Are Nevada or Delaware Really The Best Places To Set Up Your LLC?

By: Bob Montgomery


When I am asked where's the best place to set up an LLC or corporation, my answer is usually in the state where you intend to conduct most of your business or where you have an office or business presence. In other words, your home state.

That's because if you set up an LLC in a different state than the one you are conducting most of your business in, you will likely be required to file an application as a foreign LLC or foreign corporation (meaning from another state) in any other state where you conduct substantial business or have substantial business contacts.

For example, if you form an LLC in Nevada but your business office is in Oregon and you do most of your business in Oregon, you will have to file and pay fees in Oregon as a foreign LLC doing business in Oregon, in addition to filing and paying fees in Nevada.

This dual filing can be expensive and can result in substantially more record keeping which may outweigh any potential advantages. Some larger LLC's and corporations are registered as foreign entities in every state but this is expensive and time consuming for most small businesses.

In some cases, there may be a valid reason for setting up an LLC or corporation in a state different than where you conduct business. There may be some special tax advantages or liability advantages in one state which are helpful to your special type of business. This requires some advanced research into the tax and liability laws of the state you want to use. Give your accountant or tax advisor a call and discuss this with them.

Most people are aware that Delaware and Nevada are promoted as the best places to set up a new LLC or corporation. My experience is that this is not necessarily true. Delaware may be a good state for larger companies but the costs and red tape of foreign state filings likely outweigh the advantages for smaller businesses. The same is true of Nevada.

For example, Nevada has no state income tax on corporations or LLC's. However, LLC's don't pay income tax anyway. They are considered pass through entities which means the LLC itself is not subject to federal or state income tax. Rather, the owners or members pay income tax on their pro rata share of the income. If you live and do business in a different state, you will likely have to pay income tax in that state.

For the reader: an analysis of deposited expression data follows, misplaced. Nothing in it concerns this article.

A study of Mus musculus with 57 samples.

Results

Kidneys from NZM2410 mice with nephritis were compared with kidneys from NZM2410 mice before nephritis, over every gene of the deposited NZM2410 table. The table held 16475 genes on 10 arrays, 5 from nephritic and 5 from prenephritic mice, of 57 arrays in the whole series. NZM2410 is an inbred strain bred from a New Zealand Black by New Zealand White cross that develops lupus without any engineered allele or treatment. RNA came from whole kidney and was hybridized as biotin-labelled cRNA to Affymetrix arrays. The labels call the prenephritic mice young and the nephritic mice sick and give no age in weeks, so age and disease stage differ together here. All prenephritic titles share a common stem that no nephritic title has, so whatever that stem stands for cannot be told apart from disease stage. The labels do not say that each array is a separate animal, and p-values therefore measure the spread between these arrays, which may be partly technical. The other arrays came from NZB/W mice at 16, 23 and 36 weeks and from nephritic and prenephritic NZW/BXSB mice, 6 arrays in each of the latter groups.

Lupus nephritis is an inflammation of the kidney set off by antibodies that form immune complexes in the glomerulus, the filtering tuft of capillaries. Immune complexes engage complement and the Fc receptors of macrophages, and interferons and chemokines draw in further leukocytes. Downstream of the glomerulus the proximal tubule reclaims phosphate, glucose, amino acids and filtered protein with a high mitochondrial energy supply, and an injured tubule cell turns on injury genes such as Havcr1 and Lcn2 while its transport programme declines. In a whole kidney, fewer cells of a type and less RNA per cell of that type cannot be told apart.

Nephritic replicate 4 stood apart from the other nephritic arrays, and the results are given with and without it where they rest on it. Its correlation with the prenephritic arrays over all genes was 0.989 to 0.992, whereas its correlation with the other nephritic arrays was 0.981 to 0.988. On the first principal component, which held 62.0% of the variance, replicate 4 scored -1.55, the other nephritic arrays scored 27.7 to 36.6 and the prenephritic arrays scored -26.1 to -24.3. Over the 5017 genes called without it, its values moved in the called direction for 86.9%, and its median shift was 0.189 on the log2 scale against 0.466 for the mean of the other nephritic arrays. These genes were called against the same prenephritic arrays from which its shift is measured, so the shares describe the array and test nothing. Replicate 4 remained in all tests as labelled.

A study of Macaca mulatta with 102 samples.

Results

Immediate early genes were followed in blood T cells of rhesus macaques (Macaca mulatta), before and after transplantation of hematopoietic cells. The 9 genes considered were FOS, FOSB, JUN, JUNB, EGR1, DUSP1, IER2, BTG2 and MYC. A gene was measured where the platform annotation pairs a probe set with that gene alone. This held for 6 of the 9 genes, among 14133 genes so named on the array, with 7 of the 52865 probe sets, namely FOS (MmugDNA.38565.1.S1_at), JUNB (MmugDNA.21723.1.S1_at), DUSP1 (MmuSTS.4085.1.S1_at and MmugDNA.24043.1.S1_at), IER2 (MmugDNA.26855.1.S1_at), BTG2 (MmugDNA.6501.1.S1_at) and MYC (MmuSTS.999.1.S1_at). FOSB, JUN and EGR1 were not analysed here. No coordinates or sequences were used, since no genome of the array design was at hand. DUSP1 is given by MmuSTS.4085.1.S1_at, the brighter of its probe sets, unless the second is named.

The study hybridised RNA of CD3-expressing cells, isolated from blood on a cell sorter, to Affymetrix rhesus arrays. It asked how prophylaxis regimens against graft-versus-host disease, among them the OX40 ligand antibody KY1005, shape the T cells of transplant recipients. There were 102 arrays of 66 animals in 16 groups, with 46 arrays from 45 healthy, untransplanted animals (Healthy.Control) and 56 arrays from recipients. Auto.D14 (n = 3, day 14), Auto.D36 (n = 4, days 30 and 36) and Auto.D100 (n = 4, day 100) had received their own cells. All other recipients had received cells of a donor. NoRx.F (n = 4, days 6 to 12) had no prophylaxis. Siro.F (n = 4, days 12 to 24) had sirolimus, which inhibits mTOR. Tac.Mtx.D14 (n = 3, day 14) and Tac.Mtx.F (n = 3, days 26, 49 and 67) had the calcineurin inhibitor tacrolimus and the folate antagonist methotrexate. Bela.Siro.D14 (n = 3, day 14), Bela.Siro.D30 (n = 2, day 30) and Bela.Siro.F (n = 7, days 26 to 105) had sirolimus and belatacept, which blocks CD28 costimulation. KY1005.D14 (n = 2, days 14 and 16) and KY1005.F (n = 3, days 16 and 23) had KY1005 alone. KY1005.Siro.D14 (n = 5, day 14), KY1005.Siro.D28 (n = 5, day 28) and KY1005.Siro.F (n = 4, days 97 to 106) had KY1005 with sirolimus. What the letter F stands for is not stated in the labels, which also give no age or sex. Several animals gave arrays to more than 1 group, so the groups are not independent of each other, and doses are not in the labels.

In some states the members of an LLC will have to pay state income tax on their share of income from an LLC. However, there are other states which do not have state income tax but they often make up for the revenue with some other form of tax or assessment.

Nevada also boasts that it protects privacy because they do not share information with the IRS. Believe me, if the IRS wants information or records from a business, all they have to do is issue a subpoena and they get the information. I've seen it happen. Also, if you form a corporation in Nevada but then have to file as a foreign corporation or LLC in another state because you do business there, your information will be shared with the IRS anyway.

We all need to be aggressive about reducing taxes and saving money but I also believe in doing it honestly. If you are running a legitimate business and are properly filing tax returns, why should you be so intent on not having your information shared with the IRS anyway.

If you operate a business that provides its product or services everywhere, such as an internet based business, then you have more choices. However, even with an internet business, if you do substantial business in any particular state, you may still be required to register in that state as a foreign corporation or LLC.

The bottom line is that for most smaller businesses, forming an LLC or corporation in your home state or in the state where you have the most business contacts or where you do most of your business is still the best practice and will likely save you some money.